Objective: To examine the influence during the early postoperative period of selected nursing interventions on mood and anxiety of patients undergoing heart surgery.
Design: Prospective, repeated measures, quasiexperimental, random assignment.
Setting: The cardiovascular intensive care and progressive care units of a midwestern community hospital were used as the setting for this study.
Patients: Ninety-six patients who underwent elective, heart bypass surgery; the mean age of the subjects was 67 years, with an age range of 37 to 84 years. Most subjects were men (n = 65, 68%).
Outcome measures: Physiologic measures of anxiety and mood include blood pressure and heart rate. Additional measures included the use of Spielberger's state-trait anxiety inventory (STAI) and patient verbal ratings of both mood and anxiety with use of a numeric rating scale (NRS).
Intervention: Patients were randomly assigned to one of three groups: (1) music therapy, (2) music-video therapy, or (3) scheduled rest group. Subjects in the groups received their assigned 30-minute intervention at two episodes on postoperative days 2 and 3. Subjects had physiologic measures of blood pressure and heart rate measured immediately before the intervention and at 10-minute intervals throughout the intervention. Mood and anxiety were evaluated by having subjects use a NRS (i.e., 0 to 10) to give rating of mood and anxiety immediately before and after each session. Anxiety was further measured with the STAI. A baseline measure of STAI was taken before surgery; patients also completed the "state" anxiety tool before the intervention session on postoperative day 2 and on completion of the session on postoperative day 3.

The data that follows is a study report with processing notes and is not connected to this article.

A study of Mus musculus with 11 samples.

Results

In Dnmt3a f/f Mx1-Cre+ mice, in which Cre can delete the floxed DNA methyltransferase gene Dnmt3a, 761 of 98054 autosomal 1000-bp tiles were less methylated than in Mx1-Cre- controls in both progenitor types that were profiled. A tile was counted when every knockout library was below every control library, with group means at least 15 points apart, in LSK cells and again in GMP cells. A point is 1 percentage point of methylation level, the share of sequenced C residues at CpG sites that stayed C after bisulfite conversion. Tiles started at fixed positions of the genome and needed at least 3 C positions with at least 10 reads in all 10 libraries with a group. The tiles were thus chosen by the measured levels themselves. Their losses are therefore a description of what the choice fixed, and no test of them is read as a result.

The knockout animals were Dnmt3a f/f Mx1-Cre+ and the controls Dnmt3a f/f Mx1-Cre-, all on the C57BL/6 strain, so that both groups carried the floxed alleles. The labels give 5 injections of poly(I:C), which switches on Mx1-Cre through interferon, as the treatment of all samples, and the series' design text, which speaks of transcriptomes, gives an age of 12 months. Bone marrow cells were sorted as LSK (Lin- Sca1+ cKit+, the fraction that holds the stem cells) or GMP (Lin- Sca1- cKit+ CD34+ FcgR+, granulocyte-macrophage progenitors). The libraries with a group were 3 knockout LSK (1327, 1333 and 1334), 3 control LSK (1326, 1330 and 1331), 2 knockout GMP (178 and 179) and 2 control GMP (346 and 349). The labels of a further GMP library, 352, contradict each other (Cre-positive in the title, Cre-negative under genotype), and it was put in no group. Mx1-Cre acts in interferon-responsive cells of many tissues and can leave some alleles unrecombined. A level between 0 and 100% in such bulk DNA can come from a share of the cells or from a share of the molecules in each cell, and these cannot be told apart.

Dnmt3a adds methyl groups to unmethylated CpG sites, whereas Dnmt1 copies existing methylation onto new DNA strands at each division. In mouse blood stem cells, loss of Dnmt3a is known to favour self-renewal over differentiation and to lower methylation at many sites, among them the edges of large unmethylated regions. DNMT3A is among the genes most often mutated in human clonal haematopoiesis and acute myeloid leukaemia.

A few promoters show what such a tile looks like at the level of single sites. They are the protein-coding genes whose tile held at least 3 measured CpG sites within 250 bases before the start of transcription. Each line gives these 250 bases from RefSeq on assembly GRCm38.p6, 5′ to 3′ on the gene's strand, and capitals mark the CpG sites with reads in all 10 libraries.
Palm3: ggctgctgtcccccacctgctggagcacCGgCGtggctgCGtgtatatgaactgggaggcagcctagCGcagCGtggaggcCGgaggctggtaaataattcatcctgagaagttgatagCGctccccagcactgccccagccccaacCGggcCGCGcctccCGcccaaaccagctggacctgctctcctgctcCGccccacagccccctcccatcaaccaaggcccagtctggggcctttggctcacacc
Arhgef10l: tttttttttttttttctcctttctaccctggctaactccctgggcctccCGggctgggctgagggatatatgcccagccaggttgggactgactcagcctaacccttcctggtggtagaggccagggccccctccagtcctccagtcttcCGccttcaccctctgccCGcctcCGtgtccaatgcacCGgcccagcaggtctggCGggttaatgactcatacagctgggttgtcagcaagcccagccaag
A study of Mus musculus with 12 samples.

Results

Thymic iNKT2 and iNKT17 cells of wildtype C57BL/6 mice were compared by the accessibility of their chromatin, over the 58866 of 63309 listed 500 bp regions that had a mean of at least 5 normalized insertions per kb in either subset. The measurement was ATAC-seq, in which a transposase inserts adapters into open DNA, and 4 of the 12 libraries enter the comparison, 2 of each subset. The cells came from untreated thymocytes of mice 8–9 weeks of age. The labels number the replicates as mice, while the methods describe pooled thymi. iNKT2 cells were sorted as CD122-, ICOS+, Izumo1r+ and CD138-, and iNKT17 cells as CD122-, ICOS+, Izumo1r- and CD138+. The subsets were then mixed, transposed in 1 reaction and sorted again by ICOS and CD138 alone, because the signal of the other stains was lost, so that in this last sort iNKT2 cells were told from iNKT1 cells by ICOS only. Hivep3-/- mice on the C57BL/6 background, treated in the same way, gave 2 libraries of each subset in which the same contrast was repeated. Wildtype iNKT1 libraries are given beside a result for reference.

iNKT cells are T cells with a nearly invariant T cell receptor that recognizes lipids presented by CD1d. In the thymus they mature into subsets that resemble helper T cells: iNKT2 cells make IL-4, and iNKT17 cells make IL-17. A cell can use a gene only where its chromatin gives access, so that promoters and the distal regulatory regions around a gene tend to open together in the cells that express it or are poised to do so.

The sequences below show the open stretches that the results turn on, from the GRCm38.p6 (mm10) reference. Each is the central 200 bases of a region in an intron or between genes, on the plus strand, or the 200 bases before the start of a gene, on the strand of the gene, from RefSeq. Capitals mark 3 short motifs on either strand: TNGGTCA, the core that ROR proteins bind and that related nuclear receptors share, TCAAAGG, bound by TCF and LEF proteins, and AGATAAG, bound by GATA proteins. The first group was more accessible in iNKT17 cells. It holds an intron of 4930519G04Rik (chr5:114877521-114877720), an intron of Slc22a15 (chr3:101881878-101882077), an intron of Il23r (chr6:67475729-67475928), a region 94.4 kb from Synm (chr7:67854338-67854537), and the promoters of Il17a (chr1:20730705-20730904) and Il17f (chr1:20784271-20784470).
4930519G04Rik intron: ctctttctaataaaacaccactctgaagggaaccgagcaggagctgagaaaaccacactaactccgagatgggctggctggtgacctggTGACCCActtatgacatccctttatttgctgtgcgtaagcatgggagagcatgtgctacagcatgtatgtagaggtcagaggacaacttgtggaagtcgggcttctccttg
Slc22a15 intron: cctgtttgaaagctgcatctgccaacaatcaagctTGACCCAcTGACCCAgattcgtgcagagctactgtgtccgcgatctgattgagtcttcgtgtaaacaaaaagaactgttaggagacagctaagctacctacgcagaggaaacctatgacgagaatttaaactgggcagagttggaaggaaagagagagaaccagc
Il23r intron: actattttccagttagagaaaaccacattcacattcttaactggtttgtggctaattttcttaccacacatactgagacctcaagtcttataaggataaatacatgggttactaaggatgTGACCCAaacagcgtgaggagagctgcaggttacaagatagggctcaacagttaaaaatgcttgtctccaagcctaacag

Results: With use of an analysis of covariance (ANCOVA), subjects' mood ratings showed significant improvement in mood among subjects in the "music intervention" group after the second intervention when controlling for the preintervention rating of mood, F(2, 87) = 4.33, p = 0.016. However, no significant differences were reported for anxiety ratings as measured by the NRS and state anxiety instruments. With use of repeated measures analysis of variance (ANOVA), there were no significant interactions between the intervention groups and time for any of the physiologic variables. However, there were significant main effects over time for heart rate and systolic and diastolic blood pressure, which indicated a generalized physiologic relaxation response.
Conclusions: Although none of the three interventions was overwhelmingly superior, the overall response by all intervention groups demonstrated a generalized relaxation response. It is also important to note that there was reduced anxiety and improved mood within all three groups.